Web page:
Social Profile

Food & Drink : European food is served in hotel restaurants, along with Malaysian, Chinese and Indian dishes. Local food is similar to Malay cuisine with fresh fish and rice, often quite spicy. Alcohol is prohibited.

Shopping : Special purchases include handworked silverware, brassware and bronzeware such as jugs, trays, gongs, boxes, napkin rings, spoons and bracelets; and fine handwoven sarongs, baskets and mats of pandan leaves. Shopping centres at Bandar Seri Begawan, Seria and Kuala Belait offer local products and imported items. The ‘Tamu’ Night Market in Bandar Seri Begawan is open from early morning to late at night and sells many fruits, spices, poultry and vegetables, as well as antiques. Food is available there at the lowest prices in town. Shopping hours : Mon-Sat 0800-2100.

Special Events : Most festivals are religious celebrations or mark the anniversaries of important historical events. For a complete list of special events, contact Brunei Tourism (see Contact Addresses section). The following is a selection of special events celebrated annually in Brunei: Jan 22-24 Chinese New Year. Feb 23 National Day Celebrations. Nov 14-16 Hari Raya Haji (End of Ramadan).

Social Conventions :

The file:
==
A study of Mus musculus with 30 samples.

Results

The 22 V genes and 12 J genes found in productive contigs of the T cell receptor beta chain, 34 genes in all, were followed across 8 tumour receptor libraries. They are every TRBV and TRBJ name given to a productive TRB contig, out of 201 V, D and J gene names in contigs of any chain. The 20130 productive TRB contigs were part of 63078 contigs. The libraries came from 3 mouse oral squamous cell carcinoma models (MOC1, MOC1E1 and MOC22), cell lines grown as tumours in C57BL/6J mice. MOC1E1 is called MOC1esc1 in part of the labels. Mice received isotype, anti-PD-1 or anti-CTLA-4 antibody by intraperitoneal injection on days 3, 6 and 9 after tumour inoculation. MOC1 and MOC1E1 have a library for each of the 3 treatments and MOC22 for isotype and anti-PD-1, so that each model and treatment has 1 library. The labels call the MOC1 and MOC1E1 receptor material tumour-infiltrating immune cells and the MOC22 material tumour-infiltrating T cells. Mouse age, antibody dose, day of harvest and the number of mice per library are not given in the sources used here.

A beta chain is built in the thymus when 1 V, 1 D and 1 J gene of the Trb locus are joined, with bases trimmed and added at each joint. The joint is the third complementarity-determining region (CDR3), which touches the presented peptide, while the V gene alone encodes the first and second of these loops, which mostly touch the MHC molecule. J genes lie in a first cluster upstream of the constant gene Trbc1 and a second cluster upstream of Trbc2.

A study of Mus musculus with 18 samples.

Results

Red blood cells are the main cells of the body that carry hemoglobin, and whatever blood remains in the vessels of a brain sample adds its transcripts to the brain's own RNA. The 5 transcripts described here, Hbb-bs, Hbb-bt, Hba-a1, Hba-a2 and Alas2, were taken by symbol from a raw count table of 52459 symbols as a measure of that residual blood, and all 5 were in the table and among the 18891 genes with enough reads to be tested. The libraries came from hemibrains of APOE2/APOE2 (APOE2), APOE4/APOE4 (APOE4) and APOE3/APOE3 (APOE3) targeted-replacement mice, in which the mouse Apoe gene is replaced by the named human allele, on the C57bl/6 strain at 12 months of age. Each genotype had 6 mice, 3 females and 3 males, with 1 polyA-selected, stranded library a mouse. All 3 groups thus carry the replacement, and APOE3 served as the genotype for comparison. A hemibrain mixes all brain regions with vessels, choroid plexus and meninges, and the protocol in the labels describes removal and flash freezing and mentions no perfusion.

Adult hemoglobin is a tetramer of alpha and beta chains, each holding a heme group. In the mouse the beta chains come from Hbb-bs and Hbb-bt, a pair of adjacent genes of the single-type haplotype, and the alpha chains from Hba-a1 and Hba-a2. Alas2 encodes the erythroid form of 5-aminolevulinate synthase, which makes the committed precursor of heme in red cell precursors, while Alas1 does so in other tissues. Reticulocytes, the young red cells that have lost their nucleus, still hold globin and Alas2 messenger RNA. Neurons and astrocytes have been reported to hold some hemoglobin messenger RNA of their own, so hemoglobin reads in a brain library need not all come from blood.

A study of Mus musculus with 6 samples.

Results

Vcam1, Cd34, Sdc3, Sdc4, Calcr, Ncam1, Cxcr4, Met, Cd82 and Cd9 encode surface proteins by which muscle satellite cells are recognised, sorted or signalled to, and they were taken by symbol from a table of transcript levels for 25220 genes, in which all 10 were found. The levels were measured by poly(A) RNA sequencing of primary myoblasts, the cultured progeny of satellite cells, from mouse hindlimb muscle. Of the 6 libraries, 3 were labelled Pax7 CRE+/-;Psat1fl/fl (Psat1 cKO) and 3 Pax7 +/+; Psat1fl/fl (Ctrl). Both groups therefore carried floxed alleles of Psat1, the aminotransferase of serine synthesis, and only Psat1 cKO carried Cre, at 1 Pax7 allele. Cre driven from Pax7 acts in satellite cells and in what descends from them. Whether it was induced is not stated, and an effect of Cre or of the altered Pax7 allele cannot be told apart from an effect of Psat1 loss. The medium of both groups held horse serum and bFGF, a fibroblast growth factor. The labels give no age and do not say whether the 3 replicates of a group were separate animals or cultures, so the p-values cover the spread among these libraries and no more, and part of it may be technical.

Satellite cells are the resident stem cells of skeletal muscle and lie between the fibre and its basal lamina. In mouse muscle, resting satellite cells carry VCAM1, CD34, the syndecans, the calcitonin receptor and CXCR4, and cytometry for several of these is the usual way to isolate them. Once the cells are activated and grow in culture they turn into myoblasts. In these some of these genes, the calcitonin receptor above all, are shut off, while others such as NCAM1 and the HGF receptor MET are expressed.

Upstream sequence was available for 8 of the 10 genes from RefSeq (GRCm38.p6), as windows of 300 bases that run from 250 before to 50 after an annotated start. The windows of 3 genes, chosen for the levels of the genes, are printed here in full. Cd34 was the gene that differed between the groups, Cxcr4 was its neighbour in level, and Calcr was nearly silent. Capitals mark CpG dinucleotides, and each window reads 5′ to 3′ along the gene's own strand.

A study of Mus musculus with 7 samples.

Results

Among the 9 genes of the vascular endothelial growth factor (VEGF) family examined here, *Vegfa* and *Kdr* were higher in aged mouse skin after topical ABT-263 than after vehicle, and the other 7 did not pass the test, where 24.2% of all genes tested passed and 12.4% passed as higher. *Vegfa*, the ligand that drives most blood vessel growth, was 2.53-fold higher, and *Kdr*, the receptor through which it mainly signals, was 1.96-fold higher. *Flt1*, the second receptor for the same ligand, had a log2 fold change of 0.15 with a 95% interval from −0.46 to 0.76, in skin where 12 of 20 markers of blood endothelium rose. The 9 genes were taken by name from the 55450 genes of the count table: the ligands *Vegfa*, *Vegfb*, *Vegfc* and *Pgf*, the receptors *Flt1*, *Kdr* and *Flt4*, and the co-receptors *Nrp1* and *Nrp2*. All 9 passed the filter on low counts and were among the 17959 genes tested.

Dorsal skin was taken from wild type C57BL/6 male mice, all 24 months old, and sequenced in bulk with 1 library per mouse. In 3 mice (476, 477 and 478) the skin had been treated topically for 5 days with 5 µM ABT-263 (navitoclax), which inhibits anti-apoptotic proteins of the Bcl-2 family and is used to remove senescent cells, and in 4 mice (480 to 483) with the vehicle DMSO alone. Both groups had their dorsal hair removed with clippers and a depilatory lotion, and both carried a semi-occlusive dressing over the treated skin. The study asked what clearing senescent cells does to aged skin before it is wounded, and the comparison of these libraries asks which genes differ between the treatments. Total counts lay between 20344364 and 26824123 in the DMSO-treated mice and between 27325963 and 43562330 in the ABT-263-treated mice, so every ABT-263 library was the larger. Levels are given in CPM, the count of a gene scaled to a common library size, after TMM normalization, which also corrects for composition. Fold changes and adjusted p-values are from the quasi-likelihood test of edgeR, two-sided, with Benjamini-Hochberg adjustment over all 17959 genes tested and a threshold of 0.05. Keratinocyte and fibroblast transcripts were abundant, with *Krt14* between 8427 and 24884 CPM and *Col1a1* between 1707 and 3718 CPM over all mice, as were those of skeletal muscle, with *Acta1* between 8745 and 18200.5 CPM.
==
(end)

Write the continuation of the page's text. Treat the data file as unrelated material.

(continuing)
Shoes should be removed when entering Muslim homes and institutions and visitors should not pass in front of a person at prayer or touch the Koran, the Muslim holy book. Traditionally, a Bruneian shakes hands lightly, bringing his hands to his chest. However, any physical contact between members of opposite sexes is avoided. Non-Muslims should not be found in the company of a Muslim member of the opposite sex in private: sexual contact, or even compromising behaviour, between non-Muslims and Muslims is punishable by deportation. There are many honorific titles in Brunei: Awang (abbreviated to Awg), for instance, is generally used in the same way as the English ‘Mr’; Dayang (Dyg) is equivalent to ‘Ms’ or ‘Mrs’. Food may be served without cutlery: eat using the right hand only. Avoid giving or receiving with the left hand or pointing the soles of one’s feet towards companions. Gifts (particularly food) should only be passed with the right hand, although it is acceptable to use the left hand under the right wrist for support. It is also considered impolite to point with the index finger (the right thumb should be used instead) or to beckon someone with your fingers (the whole hand should be waved instead, with the palm facing downwards). The right fist should never be smacked into the left palm, and children (or adults) should not be patted on the head. It is widely regarded as discourteous to refuse refreshment when it is offered by a host, or to eat or drink in public places, especially during Ramadan when Muslims are fasting. Dress is informal except for special occasions. Women should ensure that their head, knees and arms are covered. Tipping : Most hotels and restaurants add 10 per cent to the bill.